I had the chance to stop by the Gary Games booth at Gen Con today and chat with Justin Gary himself, former Magic: The Gathering pro tour champ and company founder. Gamers packed the booth, playing the company’s first game, the fantasy deck-builder Ascension, and checking out demos of their upcoming virtual collectible card game SolForge, for which they’re running a Kickstarter drive right now. They ran the game on a set of eight iPads they bought for the show, and it looks fantastic.
Justin sat down with me and showed me the iOS game — designed by Richard Garfield, the creator of the first collectible card game, Magic: The Gathering — which seems to be nearly ready to ship. The interface is smooth and easy to use, almost intuitive. With little to no instruction at all, I was able to jump in and start playing right away. Justin showed me how the game has a great amount of complexity but that it’s layered to allow novices to join the fun right away and then learn better strategies as they played.
You play draw five cards and play two each round, putting them into any of five columns. Creatures fight against opposing creatures in their column, and unblocked creatures damage your avatar, chipping away at your hit points. At the end of each round, you discard your cards and draw a new hand.
Many creature cards have three levels of power. When you play the card at its 1st level, the game puts the 2nd level of that card into your discard pile. You reshuffle your discard pile into your draw pile every few hands so that you can bring those more powerful cards into play.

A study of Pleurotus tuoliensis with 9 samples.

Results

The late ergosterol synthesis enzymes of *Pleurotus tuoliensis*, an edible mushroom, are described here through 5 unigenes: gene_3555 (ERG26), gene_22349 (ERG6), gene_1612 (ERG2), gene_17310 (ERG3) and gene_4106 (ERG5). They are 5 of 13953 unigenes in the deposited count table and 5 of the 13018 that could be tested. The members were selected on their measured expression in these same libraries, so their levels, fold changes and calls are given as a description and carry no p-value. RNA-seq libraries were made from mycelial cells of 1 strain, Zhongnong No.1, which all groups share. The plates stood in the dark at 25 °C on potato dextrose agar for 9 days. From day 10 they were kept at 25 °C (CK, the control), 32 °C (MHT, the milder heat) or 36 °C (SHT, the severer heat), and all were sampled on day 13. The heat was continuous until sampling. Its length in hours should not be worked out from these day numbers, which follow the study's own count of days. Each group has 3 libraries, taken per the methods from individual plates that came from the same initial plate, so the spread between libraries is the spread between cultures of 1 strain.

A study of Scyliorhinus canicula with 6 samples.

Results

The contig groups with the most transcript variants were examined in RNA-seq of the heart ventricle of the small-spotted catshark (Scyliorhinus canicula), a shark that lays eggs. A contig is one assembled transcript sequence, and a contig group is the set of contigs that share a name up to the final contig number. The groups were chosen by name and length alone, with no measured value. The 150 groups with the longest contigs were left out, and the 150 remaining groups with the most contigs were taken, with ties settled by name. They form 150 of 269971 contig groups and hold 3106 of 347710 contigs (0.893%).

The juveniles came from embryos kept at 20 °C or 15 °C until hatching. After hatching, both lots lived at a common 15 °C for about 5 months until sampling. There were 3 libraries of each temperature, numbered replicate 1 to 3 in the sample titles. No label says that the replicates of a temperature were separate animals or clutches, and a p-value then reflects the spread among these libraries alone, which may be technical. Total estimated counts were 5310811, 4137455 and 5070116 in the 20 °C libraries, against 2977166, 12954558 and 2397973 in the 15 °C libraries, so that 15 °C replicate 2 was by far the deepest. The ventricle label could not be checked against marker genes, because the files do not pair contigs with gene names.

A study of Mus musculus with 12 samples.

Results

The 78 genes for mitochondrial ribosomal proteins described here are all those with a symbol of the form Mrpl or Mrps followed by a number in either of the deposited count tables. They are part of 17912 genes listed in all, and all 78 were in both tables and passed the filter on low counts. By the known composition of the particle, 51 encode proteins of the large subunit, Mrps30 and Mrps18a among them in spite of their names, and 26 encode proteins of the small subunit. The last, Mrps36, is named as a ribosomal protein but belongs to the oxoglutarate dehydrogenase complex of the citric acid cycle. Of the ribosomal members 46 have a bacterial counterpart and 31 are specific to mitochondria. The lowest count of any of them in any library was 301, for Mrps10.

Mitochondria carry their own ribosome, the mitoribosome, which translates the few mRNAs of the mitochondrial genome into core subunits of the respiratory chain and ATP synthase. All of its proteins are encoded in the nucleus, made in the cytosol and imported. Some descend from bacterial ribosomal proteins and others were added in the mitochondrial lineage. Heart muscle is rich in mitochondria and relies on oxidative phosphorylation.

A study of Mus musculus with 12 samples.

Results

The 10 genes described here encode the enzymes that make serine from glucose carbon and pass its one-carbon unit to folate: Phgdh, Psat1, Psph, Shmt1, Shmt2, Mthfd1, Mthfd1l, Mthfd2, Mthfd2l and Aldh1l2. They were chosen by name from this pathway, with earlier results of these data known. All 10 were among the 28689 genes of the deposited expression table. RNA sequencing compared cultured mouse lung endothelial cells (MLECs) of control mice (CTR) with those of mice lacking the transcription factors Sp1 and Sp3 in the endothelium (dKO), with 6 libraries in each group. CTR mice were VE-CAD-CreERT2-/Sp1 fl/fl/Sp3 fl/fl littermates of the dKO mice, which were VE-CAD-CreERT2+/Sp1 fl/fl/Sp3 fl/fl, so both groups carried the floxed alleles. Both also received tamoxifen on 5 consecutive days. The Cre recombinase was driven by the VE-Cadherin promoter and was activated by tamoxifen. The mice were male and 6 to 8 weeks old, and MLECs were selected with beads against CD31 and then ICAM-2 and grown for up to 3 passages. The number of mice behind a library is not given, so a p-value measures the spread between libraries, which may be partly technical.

“The game is entirely free to play,” Justin said. “If you want to, you can buy booster packs and starter decks in the game, but if you have the time, you can just unlock them through regular play.”
We played the pass-and-play version of the game, but it also supports online play, campaign play, and tournament play. Best of all for busy people, game play is asynchronous, which means you can play a hand whenever you have the time and then wait for your opponent to do the same.
The company is looking for $250,000 for its Kickstarter, but they’ve clearly already pumped a lot of their own money into the game’s development. They’ve hired on an in-house staff to handle the development, including people with lots of experience on games like Triple Town (another wonderful game) and more. The money will go toward polishing the game and developing the backend structure necessary for such an ambitious undertaking. They already plan to have both PC and iOS versions of the game, with an Android version set as a stretch goal for the Kickstarter.
All backers who donate $25 or more to the Kickstarter by this Monday, August 20, get a free bonus starter deck for the game, in addition to any other rewards, so if this sounds like fun to you, get in now. I’m placing my pledge today.
Disclaimer: I’ve known Richard Garfield for many years and love his games.